China's beard, veil ban in Xinjiang comes into effect

In this March 24, 2017 file photo, Shopkeepers line up with wooden clubs to perform their daily anti-terror drill outside the bazaar in Kashgar, Xinjiang Uighur Autonomous Region, China.   | Photo Credit: Reuters

China has introduced new restrictions in the far-western region of Xinjiang in what it describes as a campaign against Islamist extremism.

The measures, which took effect from Saturday, include prohibiting “abnormally” long beards and the wearing of veils in public places, reported South China Morning Post newspaper.

The latest restrictions, outlined in a sweeping new anti-extremism legislation, come on the heels of a series of steps to increase surveillance in the region that include the surrender of passports and mandatory GPS trackers in cars.

It will also be illegal to refuse to watch state television and listen to state radio, or prevent children from receiving national education —— activities deemed “manifestations” of extremism, according to the official news website

“They’re doubling down on security in Xinjiang,” said James Leibold, an associate professor at Australia’s Le Trobe University, whose research focuses on China’s Uyghur minority.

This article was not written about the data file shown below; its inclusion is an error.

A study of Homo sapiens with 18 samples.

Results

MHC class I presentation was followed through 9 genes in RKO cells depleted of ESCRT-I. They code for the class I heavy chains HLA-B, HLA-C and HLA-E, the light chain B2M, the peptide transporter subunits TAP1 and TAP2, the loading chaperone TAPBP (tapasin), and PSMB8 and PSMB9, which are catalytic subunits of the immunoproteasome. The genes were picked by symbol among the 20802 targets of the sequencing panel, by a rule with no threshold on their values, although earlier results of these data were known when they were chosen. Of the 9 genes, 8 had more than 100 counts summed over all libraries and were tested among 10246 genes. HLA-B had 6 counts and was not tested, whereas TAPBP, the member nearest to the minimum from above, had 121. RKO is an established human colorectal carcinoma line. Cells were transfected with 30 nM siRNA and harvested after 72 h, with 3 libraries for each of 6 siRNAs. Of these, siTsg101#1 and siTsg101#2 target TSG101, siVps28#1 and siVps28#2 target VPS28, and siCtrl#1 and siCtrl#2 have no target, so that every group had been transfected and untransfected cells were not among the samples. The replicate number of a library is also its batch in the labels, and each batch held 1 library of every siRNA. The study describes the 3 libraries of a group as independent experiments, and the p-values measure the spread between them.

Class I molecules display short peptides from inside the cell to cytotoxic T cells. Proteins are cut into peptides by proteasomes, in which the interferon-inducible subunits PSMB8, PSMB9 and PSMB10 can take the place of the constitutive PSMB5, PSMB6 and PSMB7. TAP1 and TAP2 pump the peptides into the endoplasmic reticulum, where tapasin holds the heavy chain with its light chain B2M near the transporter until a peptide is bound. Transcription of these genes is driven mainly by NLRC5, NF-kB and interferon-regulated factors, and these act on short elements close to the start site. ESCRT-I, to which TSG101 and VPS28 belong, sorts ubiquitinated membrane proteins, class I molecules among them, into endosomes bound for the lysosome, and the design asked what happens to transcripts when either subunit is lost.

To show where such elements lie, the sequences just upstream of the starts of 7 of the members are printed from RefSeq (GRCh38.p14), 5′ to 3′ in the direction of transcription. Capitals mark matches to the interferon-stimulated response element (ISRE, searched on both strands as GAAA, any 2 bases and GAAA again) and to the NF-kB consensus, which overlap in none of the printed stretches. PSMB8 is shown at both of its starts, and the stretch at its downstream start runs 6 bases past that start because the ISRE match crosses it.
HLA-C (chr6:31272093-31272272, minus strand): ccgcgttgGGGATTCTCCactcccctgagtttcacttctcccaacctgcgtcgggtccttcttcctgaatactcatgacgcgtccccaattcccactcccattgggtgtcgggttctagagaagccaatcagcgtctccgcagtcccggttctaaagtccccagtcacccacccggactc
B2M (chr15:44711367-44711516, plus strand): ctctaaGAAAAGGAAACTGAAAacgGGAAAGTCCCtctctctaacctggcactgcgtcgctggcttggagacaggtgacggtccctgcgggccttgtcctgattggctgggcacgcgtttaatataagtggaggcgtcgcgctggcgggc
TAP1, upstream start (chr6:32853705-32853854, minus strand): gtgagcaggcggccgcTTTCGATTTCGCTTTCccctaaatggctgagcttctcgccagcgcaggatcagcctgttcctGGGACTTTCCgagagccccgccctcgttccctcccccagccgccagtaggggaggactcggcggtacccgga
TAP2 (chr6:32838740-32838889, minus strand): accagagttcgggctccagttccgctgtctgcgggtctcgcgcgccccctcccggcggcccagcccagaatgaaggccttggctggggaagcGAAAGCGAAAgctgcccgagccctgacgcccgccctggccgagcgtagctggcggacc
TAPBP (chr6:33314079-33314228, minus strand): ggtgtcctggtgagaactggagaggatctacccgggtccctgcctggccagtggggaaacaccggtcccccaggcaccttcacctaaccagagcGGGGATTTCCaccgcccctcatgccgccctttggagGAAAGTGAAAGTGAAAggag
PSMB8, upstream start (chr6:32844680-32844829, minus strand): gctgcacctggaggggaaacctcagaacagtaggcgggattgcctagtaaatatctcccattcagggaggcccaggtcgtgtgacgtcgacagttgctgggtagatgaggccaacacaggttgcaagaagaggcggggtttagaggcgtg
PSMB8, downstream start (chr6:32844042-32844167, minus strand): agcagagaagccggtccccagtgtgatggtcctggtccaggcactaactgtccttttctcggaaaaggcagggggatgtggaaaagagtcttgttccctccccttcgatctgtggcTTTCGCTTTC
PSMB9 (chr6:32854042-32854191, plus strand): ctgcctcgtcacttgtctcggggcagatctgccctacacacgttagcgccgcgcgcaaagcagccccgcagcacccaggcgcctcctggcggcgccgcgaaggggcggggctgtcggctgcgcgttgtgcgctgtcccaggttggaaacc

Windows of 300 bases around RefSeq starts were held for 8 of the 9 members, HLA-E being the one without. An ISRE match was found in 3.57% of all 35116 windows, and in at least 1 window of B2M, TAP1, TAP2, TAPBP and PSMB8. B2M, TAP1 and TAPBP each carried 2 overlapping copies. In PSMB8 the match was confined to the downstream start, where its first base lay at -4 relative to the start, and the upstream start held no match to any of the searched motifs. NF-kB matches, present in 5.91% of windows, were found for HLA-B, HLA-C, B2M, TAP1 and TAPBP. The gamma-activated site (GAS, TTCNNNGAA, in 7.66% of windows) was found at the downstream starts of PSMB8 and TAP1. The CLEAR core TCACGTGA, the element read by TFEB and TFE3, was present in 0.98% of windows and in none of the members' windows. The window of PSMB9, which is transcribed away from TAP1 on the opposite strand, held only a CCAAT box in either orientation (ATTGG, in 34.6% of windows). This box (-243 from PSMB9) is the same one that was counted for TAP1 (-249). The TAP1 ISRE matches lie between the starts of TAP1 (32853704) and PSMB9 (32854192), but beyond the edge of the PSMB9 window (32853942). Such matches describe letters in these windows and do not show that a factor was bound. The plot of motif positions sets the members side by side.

The law didn’t explain these measures in detail or define abnormal, but according to the state-run China Daily, long beards would be banned “as they are deemed to promote extremism”.

The regulation, passed by the Xinjiang legislature’s standing committee, said special task forces to curb extremism would be set up at regional, prefectural and county governments and local leaders would be evaluated annually for their localities’ achievements on the matter.

Beijing blames Islamist militants and separatists for attacks in Xinjiang that have killed hundreds of people in recent years, reported the daily.

Rights groups claimed that the conflicts were caused by the government’s repression of religious freedom and unfair ethnic policies.

The new law also banned: Using religious instead of legal procedures to marry or divorce, meddling in other people’s weddings, funerals and inheritance; not abiding by family planning policies, and deliberately damaging legal documents.

The rules also stated that workers in public spaces, such as stations and airports, are now required to “dissuade” those who fully cover their bodies, including veiling their faces, from entering, and to report them to the police.